Payments or benefits treated as dividends under Division 7A can be assessable income of the shareholder or their associate in the form of unfranked dividends.
Division 7A dividends are generally not frankable even though they are taken to have been paid out of the company's profits. This means that the company can't attach a franking credit to the dividend, and the payment has no impact on the company's franking account.
- a dividend that is taken to have been paid because of a family law obligation is frankable
- if the Division 7A dividend arises because of an honest mistake or inadvertent omission, you can apply to allow it to be franked (see ATO relief).
If the dividend is franked, a dividend statement indicating the value of the dividend and the amount of franking credit must be provided by the private company. A payment or benefit treated as a Division 7A dividend is taken to have been paid as a dividend at the end of the income year in which it was provided.
The amount of such a payment is the amount that would have been paid for the transfer or provision of the asset by parties dealing at arm's length, less any amount actually paid. For information on how to calculate an arm's length value see Market valuation for tax purposes.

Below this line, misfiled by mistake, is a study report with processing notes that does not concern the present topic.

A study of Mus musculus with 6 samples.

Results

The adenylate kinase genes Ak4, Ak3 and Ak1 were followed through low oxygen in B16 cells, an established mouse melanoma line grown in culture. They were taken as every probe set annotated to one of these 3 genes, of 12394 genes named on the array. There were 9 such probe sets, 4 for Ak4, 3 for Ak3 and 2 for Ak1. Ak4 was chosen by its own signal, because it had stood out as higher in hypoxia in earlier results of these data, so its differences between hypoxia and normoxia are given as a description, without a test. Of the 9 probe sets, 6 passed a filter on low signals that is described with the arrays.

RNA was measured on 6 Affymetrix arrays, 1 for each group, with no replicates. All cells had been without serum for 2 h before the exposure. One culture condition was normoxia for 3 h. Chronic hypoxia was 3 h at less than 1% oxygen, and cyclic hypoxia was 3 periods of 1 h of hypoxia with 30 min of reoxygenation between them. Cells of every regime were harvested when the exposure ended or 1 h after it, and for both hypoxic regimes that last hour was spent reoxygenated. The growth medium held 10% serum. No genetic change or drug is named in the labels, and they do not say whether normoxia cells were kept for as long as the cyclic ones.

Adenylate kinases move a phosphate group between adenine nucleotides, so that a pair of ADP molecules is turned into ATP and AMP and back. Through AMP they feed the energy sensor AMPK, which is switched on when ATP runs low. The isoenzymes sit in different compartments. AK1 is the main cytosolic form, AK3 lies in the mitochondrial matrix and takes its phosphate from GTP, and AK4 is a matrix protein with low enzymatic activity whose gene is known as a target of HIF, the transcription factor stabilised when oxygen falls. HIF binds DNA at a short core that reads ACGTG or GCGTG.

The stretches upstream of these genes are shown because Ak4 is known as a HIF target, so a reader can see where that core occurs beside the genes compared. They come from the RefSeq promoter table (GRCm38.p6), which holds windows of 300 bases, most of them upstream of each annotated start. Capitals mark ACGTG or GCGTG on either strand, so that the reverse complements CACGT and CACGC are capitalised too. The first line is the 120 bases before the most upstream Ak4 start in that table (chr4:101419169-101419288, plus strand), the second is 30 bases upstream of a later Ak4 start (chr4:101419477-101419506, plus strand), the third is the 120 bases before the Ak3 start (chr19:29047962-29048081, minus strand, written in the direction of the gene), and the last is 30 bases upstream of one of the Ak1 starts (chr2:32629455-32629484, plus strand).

The total of all dividends a private company is taken to pay under Division 7A during an income year is limited to its distributable surplus for that year.
Note that a company's profit or retained earnings and its distributable surplus will not necessarily be the same.
For information on how to work out the distributable surplus see Division 7A - distributable surplus.
A later dividend arises where a private company distributes a dividend to the shareholder that it doesn't actually pay but is applied to repay some or all of a loan that has been treated as a Division 7A dividend in a previous income year.
- If unfranked, the amount of the later dividend set-off is not included in the shareholder's assessable income.
- If franked or partly franked, the later dividend is included in the shareholder's assessable income to the extent that it is franked.
For example, a private company makes a loan of $100 to a shareholder in the 2006–07 income year that is taken under Division 7A to be a dividend paid on 30 June 2007. In the 2007–08 income year, the company distributes to the shareholder an unfranked dividend of $100 (the later dividend) that it sets off against the shareholder's $100 loan. The effect of the set off is that no amount of the later dividend is taken to be a dividend. Accordingly, the later dividend is not included in the shareholder's assessable income in the 2007–08 income year.Payments or benefits treated as dividends under Division 7A can be assessable income of the shareholder or their associate in the form of unfranked dividends.